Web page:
THE SANTA CLARA
February 19, 2014
Better known in cyberspace as Andie Roy, junior Chris Rotas is an electronic music producer whose SoundCloud page features only five of his song remixes. But each of his tracks boasts more than 17,000 listens, two of which have been played over 100,000 times.
“I was born in this generation when you can use a laptop to do anything,” he said. “I just love the fact I can release a song and within minutes someone likes it from China.”
Stuffing his tracks with swooping saxophones, playful steel drums and airy, infectious beats, Rotas’ style falls under the broad umbrella of tropical house, which has seen a recent ascendence within electronic music.
“Tropical was easy for me to jump on because it’s very simple. You just kinda play around with melodies,” said Andie Roy. “I’m playing with this idea of using some of those elements and adding it to different aspects of different genres. I like to fuse stuff and have my own identity.”
While studying abroad in Germany last autumn, Andie Roy orchestrated one of his most popular remixes with a pair of twin DJs known as Suntimechild.
“I found them on SoundCloud, and they were an hour or two away from me,” he said. “So I messaged them and I ended up booking an entire weekend to stay with them in this little village that had like 100 people.”
The collaboration produced a new twist on a classic tune. Creating an original remix, the artists meshed the vocals of Sean Kingston’s ‘Beautiful Girls’ with a hypnotically playful and popping beat.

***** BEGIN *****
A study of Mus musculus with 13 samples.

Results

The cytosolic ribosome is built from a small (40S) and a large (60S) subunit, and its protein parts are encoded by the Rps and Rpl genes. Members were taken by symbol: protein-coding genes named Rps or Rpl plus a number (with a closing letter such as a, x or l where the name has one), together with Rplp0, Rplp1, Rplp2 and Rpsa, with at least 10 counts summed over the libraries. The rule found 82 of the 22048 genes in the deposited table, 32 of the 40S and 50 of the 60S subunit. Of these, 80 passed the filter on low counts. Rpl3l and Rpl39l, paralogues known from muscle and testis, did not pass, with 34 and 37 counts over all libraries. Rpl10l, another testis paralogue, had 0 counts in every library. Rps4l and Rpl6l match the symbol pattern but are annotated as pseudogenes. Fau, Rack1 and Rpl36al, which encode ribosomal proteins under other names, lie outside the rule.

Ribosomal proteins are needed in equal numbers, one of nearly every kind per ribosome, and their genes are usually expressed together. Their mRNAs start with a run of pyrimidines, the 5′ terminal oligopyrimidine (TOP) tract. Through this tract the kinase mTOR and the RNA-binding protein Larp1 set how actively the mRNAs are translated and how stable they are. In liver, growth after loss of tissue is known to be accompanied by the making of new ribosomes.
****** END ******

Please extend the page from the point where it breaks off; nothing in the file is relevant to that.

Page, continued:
Andie Roy composes songs, not with the lined sheets of Mozart, but by splicing his own work with samples of other tunes or a capella vocals.
“Maybe it’s not creating something completely out of nothing, but it’s broken pieces, and you’re putting the puzzle together,” said Andie Roy.
Since he was in middle school, he has been assembling these musical amalgams, exploring the different sounds and tones of songs to create something new.
“I was big into GarageBand and I just dragged the stock loops and made these little beats,” said Andie Roy. “It’s funny, I remember funding some of my stuff by convincing people to buy the CDs I sold at recess.”
These electronic origins and early days of mixing shaped the way Andie Roy approaches his craft.
“Digitally is how I understand music,” he said. “I’ve taken music theory to understand notes and stuff like that, but as important as that is, I never really think, ‘I need a C major right here.’ For me, it’s all in my ears.”
While other artists may work on three or four songs at once, Andie Roy devotes all his attention to one song at a time. He dives into the project, giving it attention until it is just right. He tinkers with his compositions until he has refined his sounds into a form that matches his vision.
“I put in a lot of hours that basically amount to nothing, but, in a way, I’m learning what not to do,” he said. “It teaches me for down the road. I’m just trying to keep this afloat, trying to keep people interested.”
Contact John Flynn at firstname.lastname@example.org or call (408) 554-4852.